Canopy Growth Corp (TSX: WEED; NYSE: CGC) has sent its chief medical officer to Lima to launch a subsidiary called Spectrum Peru.
The Ontario-based firm bought Spectrum Colombia in a $34.8 million deal last year and founded Canopy LATAM Corporation to handle operations on the continent. It has now expanded into Peru and it decided to use the Spectrum brand, with the aim of increasing “the growing global Spectrum Cannabis family”.
It comes with Peru on the brink of introducing new laws for medicinal cannabis and Canopy wants to have a base in the country, which has a population of 32 million. Peru is the fifth largest economy in Latin America, after Brazil, Mexico, Colombia, and Argentina.
Canopy will use the subsidiary to advance education and awareness of cannabis in the country. It hopes to work closely with the medical community in Peru to foster greater understanding of marijuana’s potential uses, while cutting out the stigma often attached to it.
To that end it has sent chief medical officer Dr. Mark Ware into the market, and he will host a number of cannabis-focused events for physicians, healthcare professionals, and patient groups. That includes addressing doctors currently attending a course on cannabis held by Colegio Medico del Peru, a medical college in Lima, and he also addressed the Encuentro Americano De Professionales Expertos En Fitocannabioides, a conference on cannabinoids, on Friday.
Dr. Ware is a pain management specialist and he will also participate in the signing of the Lima declaration on the medicinal use of cannabis, a physician-led declaration that encourages governments across Peru and South America to ensure patients gain access to cannabis when needed. It aims to boost collaboration and collegiate working across the region, while calling upon pain sufferers to demand marijuana as treatment.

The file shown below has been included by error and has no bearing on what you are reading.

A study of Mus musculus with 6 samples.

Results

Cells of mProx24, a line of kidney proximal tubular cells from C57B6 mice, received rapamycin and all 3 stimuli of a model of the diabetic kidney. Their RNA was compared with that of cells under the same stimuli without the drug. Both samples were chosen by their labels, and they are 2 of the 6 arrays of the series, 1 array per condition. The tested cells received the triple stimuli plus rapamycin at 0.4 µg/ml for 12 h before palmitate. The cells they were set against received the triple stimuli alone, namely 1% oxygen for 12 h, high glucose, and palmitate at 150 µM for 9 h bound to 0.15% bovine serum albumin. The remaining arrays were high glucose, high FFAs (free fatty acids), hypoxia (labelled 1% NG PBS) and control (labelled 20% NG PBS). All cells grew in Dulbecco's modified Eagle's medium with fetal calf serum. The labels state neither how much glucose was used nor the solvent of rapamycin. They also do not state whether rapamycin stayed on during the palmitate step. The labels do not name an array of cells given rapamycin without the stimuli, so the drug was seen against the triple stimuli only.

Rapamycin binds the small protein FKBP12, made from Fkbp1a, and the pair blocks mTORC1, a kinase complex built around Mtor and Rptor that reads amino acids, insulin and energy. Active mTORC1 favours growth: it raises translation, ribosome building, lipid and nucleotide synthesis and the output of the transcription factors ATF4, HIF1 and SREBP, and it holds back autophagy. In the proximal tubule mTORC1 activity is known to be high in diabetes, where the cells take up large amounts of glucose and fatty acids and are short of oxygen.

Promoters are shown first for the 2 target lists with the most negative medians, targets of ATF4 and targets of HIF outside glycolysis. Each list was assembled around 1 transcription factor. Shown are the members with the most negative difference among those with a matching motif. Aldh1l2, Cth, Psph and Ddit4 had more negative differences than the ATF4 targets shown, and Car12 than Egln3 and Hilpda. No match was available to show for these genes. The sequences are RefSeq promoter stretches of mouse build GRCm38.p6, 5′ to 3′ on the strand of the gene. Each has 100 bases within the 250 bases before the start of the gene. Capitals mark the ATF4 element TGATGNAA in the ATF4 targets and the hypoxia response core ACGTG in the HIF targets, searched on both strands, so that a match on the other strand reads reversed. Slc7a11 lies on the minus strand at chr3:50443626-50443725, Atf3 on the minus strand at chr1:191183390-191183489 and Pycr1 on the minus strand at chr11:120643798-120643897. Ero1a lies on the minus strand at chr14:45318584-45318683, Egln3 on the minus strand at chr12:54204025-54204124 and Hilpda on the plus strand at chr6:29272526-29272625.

“The landscape for medical cannabis continues to evolve rapidly in Latin America and Peru is poised to take a leading role with the introduction of new regulations which we hope will prioritize patient access,” said Antonio Droghetti, managing director at Canopy LATAM. “Launching Peruvian operations enhances our ability to engage with regulators, healthcare professionals, and patients to ensure they have the information they need, while also preparing for the future sale of medical cannabis products across the country.”
Cultivation of cannabis is moving forward at the company’s farm in Colombia, where the harvest began in late 2018. It has received licenses for all plots on its 126ha land, and Canopy claims it is now among the largest licensed cannabis production facilities in the world.
Along with Colombia and Peru, Canopy LATAM is also making strong inroads into Mexico. It is now joined by another Canadian firm, Captiva Verde Land Corp. (CSE: PWR), which has just announced a deal to acquire Mexican cannabis licenses, land, and facilities from S & G Procesos Industriales, S.A de C.V. It is issuing a million common shares to get the deal tied up.
Jeff Ciachurski, chief executive at Captiva Verde, said Mexico offers ideal growing conditions, market awareness, and a long history of cannabis production, along with a growing acceptance of marijuana as a “wellness product”.